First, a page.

Puny Treasury yields could trigger more cuts to annuities – and agents’ commissions
August 22, 2011 by Darla Mercado
Key 10-year Treasury falls to an all-time low; brokers, customers and carriers could feel the pinch
By Darla Mercado
August 18, 2011
Given the gyrations in the stock market — including another big sell-off today — annuities are suddenly a hot property. But low Treasury yields, sparked by investors’ flight to safety, could be a deal breaker for insurers as their profitability from the products declines.
The yield of the benchmark 10-year Treasury dipped as low as 1.99% today, marking a new low and falling below depths it had reached in the 2008 recession. At the same time, returns on fixed income investments, such as corporate bonds, will likely take a hit as yields continue to slide, observed Noel Abkemeier, principal and consulting actuary at Milliman Inc.
Insurers use the spread between their fixed-income investments and the Treasury yield to cover upfront expenses related to new fixed and indexed-annuity business, such as broker commissions and advertising costs. The companies also skim profit margins off of the spread.
“When yields are this low on the Treasury and assuming the corporate bond spread hasn’t expanded significantly, you end up with insufficient investment income to cover everything,” Mr. Abkemeier said.
Thus, if Treasury yields continue to decline, carriers may choose to take a narrower profit margin or lower commissions for brokers, he added.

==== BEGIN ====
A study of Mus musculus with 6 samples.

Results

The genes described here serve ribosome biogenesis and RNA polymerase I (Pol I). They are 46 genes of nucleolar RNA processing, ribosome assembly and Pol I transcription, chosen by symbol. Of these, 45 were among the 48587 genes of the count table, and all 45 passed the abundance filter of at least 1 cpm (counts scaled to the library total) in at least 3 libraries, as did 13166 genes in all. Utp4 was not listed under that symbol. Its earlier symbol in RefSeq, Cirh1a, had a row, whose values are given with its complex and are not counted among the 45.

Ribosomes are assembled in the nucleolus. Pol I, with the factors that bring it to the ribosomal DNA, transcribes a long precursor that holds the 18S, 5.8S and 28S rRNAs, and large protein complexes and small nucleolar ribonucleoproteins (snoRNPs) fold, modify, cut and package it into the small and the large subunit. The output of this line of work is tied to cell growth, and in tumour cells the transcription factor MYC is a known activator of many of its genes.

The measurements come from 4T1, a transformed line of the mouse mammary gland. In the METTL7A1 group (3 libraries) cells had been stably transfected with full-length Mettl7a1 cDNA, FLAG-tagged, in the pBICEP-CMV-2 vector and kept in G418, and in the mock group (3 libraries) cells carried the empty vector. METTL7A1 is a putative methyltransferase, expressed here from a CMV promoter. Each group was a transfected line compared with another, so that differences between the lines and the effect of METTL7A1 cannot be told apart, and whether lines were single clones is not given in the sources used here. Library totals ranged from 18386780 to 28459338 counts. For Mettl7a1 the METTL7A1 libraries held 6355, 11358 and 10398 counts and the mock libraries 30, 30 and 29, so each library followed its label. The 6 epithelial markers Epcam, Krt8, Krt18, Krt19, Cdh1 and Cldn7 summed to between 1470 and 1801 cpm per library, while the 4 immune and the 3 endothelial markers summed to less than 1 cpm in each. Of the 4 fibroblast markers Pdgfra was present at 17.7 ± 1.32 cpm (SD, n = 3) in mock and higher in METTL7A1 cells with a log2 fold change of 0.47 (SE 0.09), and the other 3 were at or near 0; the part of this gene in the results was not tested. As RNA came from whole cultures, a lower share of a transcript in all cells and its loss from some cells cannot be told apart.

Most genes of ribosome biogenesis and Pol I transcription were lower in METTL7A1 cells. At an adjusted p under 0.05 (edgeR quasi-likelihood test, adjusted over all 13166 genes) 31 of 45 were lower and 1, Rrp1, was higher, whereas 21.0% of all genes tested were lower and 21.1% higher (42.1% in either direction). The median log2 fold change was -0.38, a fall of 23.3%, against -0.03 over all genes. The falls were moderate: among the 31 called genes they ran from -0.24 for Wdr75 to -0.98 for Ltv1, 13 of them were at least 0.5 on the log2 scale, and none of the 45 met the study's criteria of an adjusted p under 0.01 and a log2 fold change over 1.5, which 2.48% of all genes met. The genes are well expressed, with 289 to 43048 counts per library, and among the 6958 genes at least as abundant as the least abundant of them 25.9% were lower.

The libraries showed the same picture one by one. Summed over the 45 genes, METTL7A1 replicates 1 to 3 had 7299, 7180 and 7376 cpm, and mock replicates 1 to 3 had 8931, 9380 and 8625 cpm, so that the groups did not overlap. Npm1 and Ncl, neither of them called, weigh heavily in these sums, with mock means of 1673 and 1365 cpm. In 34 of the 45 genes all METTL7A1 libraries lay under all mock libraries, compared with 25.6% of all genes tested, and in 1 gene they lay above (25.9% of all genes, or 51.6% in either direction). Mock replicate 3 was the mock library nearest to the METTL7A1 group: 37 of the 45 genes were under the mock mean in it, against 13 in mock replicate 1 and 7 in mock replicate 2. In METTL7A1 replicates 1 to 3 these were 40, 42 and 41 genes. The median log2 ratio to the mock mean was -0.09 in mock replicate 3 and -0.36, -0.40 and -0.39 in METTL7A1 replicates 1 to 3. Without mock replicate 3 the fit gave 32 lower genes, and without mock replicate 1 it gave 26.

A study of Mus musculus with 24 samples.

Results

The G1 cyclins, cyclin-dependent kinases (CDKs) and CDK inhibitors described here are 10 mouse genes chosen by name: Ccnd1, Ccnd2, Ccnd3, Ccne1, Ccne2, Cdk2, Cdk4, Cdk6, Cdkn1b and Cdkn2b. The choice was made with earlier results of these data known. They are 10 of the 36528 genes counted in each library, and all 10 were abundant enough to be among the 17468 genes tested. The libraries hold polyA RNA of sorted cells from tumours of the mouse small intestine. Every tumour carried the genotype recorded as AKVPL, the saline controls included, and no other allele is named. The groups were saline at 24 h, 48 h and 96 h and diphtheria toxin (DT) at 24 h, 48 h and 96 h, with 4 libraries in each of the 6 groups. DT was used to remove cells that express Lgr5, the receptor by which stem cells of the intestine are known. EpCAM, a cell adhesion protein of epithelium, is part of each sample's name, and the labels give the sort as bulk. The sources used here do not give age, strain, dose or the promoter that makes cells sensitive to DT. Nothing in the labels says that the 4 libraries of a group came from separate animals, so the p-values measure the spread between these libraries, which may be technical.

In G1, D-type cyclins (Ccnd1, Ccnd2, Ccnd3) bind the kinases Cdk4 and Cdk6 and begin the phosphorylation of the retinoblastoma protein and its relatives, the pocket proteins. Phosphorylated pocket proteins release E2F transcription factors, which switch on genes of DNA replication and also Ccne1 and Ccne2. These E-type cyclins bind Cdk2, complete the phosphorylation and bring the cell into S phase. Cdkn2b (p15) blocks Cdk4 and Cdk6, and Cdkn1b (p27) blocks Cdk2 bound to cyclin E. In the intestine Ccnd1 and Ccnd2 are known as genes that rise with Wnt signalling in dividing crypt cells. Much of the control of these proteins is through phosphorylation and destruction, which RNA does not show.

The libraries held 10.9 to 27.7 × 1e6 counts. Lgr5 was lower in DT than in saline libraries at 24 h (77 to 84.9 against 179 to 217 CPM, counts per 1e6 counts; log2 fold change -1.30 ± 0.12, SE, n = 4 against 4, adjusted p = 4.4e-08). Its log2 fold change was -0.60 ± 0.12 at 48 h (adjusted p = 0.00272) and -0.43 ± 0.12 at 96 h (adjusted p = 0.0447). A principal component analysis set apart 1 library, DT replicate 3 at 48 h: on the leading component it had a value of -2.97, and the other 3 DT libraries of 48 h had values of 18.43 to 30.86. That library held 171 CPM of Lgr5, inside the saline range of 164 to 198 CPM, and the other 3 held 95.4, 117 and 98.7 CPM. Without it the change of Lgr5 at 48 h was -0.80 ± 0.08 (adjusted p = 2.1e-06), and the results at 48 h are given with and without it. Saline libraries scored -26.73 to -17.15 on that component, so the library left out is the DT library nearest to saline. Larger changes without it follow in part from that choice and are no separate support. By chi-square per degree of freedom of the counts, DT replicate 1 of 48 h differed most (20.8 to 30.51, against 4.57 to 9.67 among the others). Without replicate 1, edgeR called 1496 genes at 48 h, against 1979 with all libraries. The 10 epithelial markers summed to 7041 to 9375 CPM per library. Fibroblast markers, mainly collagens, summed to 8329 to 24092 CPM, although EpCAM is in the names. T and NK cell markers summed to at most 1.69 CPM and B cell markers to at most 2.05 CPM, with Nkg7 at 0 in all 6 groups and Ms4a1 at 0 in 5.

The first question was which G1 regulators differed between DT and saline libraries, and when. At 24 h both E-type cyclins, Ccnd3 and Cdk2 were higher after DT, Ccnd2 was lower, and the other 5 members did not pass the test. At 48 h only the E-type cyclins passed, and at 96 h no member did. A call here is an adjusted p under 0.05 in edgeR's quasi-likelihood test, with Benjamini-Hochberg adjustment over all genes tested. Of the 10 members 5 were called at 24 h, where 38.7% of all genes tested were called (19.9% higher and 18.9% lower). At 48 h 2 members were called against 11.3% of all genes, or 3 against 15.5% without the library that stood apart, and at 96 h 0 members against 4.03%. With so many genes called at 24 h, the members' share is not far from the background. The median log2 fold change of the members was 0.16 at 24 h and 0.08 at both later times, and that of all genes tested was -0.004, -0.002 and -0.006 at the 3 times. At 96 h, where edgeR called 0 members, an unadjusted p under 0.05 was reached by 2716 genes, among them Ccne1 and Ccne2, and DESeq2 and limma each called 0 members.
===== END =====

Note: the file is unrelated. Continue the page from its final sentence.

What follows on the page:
Life insurers can also make their products less appealing by reducing upfront bonuses, crediting rates, or in the case of an indexed annuity, lower the minimum guaranteed cap — the lowest guaranteed level of interest at which the annuity can grow, Mr. Abkemeier said.
The specter of even tougher times for indexed-annuity sellers arrives at a time when sales are still hot: According to AnnuitySpecs.com, indexed annuities generated $8.2 billion in sales during the second quarter, down only 1% from the year ago period but up 16% compared to the prior quarter.
Low interest rates tend to lift indexed-annuity sales as customers realize certificates of deposit aren’t yielding much.
Going back to the beginning of the year, a number of carriers had switched gears for higher demand amid harder times and lower yields. As recently as Aug. 2, Allianz Life Insurance Co. of North America had pulled back the upfront bonus on sales of its top-selling Master Dex X indexed annuity to 7% from 8%. Meanwhile, others have prepared for rates to eventually rise by adjusting their products: ING USA Annuity and Life Insurance Co. yesterday introduced a crediting strategy based on the three-month London interbank offered rate.
Agents have also been feeling the pain of lower interest rates. Russell Smith, owner of Torimax Financial Group Inc., estimates that his commissions on one indexed annuity had fallen by 20% since the beginning of 2010, while the bonus to the client fell by 30%.
“This is belt tightening,” Mr. Smith said. “The products are still very competitive but if we stay in this low interest rate environment, they’ll have to raise fees, reduce participation rates, lower bonuses or do a combination of all those things.”